The year is 2131. Victoria is visiting an old and beautiful palace with some friends. Together they hunt virtual objects revealed by an augmented reality application. The history of the site playfully unfolds under their eyes, under the bright Sun of a Southern province.

But Victoria is not really in a palace or in a province of the South. Why travel when it is possible to make a virtual visit with friends? The group’s physical presence is perfectly simulated. Member interactions are full of positive energy.

Likewise, Victoria works in a virtual world. It hardly matters whether the computer code she contributes is written in an office or in a life cocoon… An economically and ecologically optimized cocoon that grants a good and long life.

Victoria knows that she is immersed in a virtual world. Often she does not think about it. She sometimes wonders if the historic places she visits virtually actually exist, if the history of these places is real. But after all, she does not feel alone, and she would not exchange her access to virtual reality for an existence trapped within the hardships of the real world … the planet has become a very dangerous place, except within the intelligent urban cocoons that shelter a minority of privileged humans.

She disconnects herself, from time to time. She is free to do this, after all. Not everybody has this freedom… unplugging is a right reserved for the productive brains. It’s another story for individuals considered unproductive, unemployable or even harmful. These are placed in intrusive pods that function without interruption. Occupants of such pods lead an entirely virtual existence. This situation is deemed compatible with their human dignity: their virtual life is designed to provide the full range of experiences, emotions, and progressions of a real human life.

Naturally, a real economy continues to exist. Real proximity services, however, are a luxury because physical contact has become rare and expensive. Once a year, Victoria goes to the restaurant to meet her friends, to feel that she hasn’t been completely domesticated by her intelligent cocoon. The smart city in which she and her friends live is operated by an industrial group headed by Elon Musk, now 160 years old. A long time ago, Musk finally accepted the practical consequence of his simulation philosophy: instead of going to Mars, he invested his fortune in creating an interactive and immersive virtual system. The one in which Victoria is lucky to work and live.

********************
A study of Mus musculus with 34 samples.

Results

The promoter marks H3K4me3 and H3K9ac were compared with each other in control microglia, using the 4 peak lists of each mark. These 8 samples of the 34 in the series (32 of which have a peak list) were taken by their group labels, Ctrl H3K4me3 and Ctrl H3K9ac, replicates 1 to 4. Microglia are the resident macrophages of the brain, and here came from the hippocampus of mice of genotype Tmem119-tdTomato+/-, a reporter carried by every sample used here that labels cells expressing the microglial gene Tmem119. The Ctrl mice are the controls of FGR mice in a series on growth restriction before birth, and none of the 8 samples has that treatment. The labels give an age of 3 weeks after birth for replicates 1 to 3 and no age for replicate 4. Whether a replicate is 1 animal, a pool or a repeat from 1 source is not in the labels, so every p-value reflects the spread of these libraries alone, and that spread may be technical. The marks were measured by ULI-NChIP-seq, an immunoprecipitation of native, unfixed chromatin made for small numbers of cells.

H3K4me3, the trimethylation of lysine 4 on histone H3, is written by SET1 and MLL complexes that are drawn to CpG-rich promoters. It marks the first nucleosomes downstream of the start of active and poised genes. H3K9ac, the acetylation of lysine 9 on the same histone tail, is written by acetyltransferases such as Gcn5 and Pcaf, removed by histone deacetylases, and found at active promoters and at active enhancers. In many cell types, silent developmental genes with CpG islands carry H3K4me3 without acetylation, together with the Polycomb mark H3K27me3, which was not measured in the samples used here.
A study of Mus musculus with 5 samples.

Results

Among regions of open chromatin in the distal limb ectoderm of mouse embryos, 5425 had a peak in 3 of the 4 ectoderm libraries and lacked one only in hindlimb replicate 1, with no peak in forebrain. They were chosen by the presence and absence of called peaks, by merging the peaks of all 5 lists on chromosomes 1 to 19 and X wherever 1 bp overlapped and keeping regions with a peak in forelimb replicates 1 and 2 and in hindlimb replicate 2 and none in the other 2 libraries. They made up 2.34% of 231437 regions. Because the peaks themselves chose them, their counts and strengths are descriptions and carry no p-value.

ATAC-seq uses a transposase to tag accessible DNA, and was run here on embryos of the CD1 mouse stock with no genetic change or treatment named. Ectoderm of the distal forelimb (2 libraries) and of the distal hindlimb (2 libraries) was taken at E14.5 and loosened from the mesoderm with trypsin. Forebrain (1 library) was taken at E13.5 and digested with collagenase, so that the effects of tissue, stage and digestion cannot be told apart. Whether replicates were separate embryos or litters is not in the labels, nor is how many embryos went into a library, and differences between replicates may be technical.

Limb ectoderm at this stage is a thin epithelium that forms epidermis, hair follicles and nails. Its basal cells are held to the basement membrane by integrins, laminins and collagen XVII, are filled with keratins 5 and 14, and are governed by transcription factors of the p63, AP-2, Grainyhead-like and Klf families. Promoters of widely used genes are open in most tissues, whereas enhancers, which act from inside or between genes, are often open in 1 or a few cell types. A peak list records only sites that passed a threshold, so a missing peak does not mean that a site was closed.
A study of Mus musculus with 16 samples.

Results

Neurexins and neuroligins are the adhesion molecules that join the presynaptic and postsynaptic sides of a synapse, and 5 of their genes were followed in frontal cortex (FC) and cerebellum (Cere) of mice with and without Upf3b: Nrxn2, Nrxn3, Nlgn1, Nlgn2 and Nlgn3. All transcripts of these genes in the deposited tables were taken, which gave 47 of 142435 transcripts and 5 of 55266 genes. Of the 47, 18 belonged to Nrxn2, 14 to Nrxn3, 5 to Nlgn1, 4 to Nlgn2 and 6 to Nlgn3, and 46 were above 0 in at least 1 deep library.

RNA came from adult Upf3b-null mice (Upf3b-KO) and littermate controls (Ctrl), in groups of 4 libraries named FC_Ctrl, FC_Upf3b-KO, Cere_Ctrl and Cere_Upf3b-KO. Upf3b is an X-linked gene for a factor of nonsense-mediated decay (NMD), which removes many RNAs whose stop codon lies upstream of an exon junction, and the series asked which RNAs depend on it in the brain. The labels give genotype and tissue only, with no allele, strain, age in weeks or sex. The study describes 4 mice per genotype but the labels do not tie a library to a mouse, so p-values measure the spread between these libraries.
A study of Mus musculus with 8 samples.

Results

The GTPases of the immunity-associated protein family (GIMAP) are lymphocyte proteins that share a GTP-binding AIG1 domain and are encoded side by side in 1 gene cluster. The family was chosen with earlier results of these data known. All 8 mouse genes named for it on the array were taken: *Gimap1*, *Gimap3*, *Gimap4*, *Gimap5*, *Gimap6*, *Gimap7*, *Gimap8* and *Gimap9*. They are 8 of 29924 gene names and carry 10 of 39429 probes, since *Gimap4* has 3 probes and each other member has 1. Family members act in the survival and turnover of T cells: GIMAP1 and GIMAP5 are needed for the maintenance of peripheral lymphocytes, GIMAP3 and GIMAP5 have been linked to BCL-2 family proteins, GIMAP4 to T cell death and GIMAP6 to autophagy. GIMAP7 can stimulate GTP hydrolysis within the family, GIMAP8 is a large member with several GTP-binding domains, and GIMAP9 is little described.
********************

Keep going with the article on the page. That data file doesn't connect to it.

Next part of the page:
Everybody agrees that humanity managed in the end to escape the worst outcomes that threatened industrial civilization… not an easy accomplishment given how virtual reality seems to contain an abyss of dystopian potentialities. Wasn’t VR going to accentuate with certainty all the dystopian trends already at work in the 2010s? Some feared then that the world would be transformed into a garbage dump inhabited by residual humans plugged 24/7 into their VR helmets. Fortunately, the evolution of the world followed a different course, Victoria thought.

A hard to explain feeling of something missing remains. There are no more families, no more children, no more deaths in Victoria’s and her friends’ virtual simulation… to tell the truth, they do not really know where they come from, on this point their memories shift too much to be sure. At annual dinners, everyone does their best to avoid the subject.

When she disconnects, Victoire sometimes dreams that she doesn’t recognize her friends.